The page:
A couple of weeks back I wrote a post revealing that the EU has been giving millions of euros to anti-death penalty groups in the United States. As The Wall Street Journal subsequently commented in an editorial on my Telegraph piece:
European countries may need bailing out, but you’ll be pleased to know that the European Union has enough money to promote human rights and democracy—in America. Don’t laugh.
American states are free to decide their own penal codes, which vary widely and change as facts and public values evolve. Europe won’t allow such a debate at home but feels the moral afflatus to tax its own citizens to promote one side of the argument in America. Europe can’t find the money to pay for its fair share of NATO but it can spare a dime to hector its main defense benefactor on criminal law. This is why fewer and fewer Americans take Europe seriously.
One of those US groups that receives EU funding is the Illinois branch of the Death Penalty Information Center, which was given €193,443 in 2009 for a grant “changing the course of the death penalty debate” (hat tip: Sally McNamara). Illinois abolished the death penalty last week, making it one of 16 states in America that ban the practice, in contrast to 34 states that retain it. Needless to say, the EU’s foreign policy chief Baroness Ashton immediately used the occasion to lecture the United States on “the progressive development of human rights”, declaring in a March 11 statement:
The European Union congratulates the Governor and the Illinois State Legislature on this historic decision, making Illinois the 16th state in the United States to end the death penalty.
The European Union strongly hopes that this decision will encourage other US States to follow suit in joining the growing national and worldwide movement towards the abolition of the use of capital punishment.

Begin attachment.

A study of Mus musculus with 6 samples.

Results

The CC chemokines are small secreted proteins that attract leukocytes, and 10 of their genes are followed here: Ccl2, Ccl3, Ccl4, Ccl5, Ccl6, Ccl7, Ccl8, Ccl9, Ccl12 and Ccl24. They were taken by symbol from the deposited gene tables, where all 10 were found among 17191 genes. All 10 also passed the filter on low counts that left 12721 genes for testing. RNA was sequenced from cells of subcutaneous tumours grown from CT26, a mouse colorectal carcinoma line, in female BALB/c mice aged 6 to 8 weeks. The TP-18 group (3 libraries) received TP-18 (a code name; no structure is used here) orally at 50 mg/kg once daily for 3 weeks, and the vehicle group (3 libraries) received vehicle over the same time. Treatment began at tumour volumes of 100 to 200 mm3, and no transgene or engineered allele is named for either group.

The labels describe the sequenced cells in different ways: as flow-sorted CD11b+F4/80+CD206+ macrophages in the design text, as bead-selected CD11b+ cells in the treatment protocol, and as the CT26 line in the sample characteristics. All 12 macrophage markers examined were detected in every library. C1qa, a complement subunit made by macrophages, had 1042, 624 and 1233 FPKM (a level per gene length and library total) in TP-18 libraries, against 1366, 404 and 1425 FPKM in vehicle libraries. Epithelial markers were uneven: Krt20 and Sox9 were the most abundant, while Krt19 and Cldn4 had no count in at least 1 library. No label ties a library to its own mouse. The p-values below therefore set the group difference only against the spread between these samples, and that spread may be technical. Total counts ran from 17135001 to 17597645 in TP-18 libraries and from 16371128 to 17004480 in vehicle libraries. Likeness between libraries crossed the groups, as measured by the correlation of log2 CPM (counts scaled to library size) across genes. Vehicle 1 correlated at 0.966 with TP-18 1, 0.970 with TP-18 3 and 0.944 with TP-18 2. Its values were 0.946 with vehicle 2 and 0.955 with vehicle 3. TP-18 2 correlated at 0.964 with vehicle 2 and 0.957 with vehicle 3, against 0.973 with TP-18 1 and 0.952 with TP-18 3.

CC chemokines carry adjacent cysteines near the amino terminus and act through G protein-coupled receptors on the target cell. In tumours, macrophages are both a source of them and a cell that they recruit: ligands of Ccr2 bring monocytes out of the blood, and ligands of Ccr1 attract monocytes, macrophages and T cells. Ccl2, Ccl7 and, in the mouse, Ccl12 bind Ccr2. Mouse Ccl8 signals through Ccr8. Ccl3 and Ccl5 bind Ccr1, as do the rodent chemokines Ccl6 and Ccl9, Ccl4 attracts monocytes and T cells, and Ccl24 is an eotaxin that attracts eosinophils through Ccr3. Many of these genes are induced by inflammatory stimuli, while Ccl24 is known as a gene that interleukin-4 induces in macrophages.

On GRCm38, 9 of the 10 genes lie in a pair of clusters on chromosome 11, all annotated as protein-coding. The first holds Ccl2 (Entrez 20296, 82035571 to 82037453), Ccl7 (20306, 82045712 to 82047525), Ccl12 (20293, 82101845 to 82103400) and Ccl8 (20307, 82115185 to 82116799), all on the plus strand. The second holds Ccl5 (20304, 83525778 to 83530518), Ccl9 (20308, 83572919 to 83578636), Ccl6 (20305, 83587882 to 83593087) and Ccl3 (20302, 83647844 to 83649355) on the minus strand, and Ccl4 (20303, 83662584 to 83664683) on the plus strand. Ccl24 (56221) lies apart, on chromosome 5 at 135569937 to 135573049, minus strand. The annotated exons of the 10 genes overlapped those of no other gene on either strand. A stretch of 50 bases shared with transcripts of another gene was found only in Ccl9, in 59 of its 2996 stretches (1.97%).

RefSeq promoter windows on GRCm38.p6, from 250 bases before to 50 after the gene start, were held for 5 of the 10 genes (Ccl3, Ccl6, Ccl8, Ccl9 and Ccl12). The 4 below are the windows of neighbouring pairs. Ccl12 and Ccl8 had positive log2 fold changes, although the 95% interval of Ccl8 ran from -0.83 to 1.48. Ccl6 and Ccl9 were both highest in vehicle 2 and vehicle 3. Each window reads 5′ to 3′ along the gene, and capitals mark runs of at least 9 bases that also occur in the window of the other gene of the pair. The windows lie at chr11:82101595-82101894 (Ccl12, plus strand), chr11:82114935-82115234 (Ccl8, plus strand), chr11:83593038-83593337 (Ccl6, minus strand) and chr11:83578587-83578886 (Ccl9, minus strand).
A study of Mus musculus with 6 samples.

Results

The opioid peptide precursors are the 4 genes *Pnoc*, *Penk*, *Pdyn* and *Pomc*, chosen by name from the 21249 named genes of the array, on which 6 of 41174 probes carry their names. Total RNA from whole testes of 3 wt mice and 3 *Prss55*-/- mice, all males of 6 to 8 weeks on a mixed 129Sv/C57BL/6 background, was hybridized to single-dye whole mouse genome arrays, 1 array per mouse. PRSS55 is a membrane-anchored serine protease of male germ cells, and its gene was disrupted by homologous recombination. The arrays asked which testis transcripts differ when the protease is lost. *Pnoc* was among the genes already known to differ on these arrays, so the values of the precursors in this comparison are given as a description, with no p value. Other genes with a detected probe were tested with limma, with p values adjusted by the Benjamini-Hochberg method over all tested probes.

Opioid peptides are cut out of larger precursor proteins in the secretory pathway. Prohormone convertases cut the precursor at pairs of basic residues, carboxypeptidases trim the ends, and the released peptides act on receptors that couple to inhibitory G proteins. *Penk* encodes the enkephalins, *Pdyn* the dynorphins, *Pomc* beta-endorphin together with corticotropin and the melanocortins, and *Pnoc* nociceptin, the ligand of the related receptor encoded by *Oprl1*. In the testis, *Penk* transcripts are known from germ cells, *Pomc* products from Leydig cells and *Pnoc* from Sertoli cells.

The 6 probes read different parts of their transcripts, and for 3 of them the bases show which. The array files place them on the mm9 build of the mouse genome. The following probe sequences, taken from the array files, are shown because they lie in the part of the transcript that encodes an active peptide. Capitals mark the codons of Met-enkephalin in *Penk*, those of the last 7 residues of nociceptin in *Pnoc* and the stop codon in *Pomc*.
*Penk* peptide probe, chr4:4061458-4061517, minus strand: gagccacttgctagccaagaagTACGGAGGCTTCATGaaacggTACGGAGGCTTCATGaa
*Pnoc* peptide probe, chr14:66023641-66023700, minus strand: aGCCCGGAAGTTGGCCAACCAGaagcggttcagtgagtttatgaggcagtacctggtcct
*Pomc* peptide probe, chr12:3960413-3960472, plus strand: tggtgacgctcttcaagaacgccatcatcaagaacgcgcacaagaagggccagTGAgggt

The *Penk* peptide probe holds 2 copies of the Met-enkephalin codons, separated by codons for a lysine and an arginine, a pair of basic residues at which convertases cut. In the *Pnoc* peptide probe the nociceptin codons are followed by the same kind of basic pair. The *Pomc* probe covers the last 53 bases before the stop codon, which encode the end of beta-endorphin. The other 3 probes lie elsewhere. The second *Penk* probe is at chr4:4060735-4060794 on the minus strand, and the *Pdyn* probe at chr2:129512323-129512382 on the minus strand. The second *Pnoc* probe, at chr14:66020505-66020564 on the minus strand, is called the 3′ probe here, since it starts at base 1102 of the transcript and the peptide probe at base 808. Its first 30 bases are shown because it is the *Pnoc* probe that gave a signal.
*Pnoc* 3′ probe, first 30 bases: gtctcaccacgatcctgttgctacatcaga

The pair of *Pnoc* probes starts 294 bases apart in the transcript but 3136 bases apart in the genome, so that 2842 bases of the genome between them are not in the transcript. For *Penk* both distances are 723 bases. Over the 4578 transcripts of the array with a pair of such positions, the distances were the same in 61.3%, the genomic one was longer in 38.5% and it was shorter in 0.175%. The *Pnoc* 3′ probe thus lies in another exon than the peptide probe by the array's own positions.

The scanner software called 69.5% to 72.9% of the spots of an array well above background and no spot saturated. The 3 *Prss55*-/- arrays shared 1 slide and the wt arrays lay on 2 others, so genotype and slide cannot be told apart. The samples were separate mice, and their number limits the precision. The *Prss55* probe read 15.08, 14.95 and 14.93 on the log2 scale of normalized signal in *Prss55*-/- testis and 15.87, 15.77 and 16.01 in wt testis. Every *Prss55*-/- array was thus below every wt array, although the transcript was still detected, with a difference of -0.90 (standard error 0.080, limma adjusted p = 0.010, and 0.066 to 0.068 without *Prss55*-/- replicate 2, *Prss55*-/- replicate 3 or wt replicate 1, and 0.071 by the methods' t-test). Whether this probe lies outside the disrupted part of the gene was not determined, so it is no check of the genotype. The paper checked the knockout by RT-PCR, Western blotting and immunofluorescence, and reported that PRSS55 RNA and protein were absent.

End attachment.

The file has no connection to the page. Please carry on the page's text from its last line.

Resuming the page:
The European Union considers that the abolition of the death penalty contributes to the enhancement of human dignity and the progressive development of human rights. The European Union reaffirms its objective of working towards the universal abolition of the death penalty.
It should of course come as no surprise that the European Union, which has zero respect for the sovereignty of its own member states, seeks to meddle in the affairs of a great democracy such as the United States. Baroness Ashton clearly has a greater interest in hectoring the American people than she does in condemning the brutal rule of Colonel Muammar Gaddafi.
The EU chief’s condescending statement is a reflection of a warped world view in Brussels that treats the United States as though it were a third world tyranny in need of enlightened guidance from Europe. After all, the EU’s Instrument for Democracy and Human Rights, which gave nearly a million dollars to the American Bar Association for its anti-death penalty campaign, is dedicated to “enhancing respect for human rights and fundamental freedoms in countries and regions where they are most at risk.”
One of many glaring differences between the European Union and the United States is that US officials are accountable to the American people, whose laws are drafted by elected representatives in line with a Constitution that actually protects individual liberty rather than usurps it. The EU’s sneering at America’s stance on the death penalty is merely the latest reflection of Brussels’ contempt for democracy, national sovereignty, and political accountability. If unelected apparatchiks such as Baroness Ashton really care about human rights perhaps they should spend a bit more time examining the lack of political freedom that exists within the European Union itself.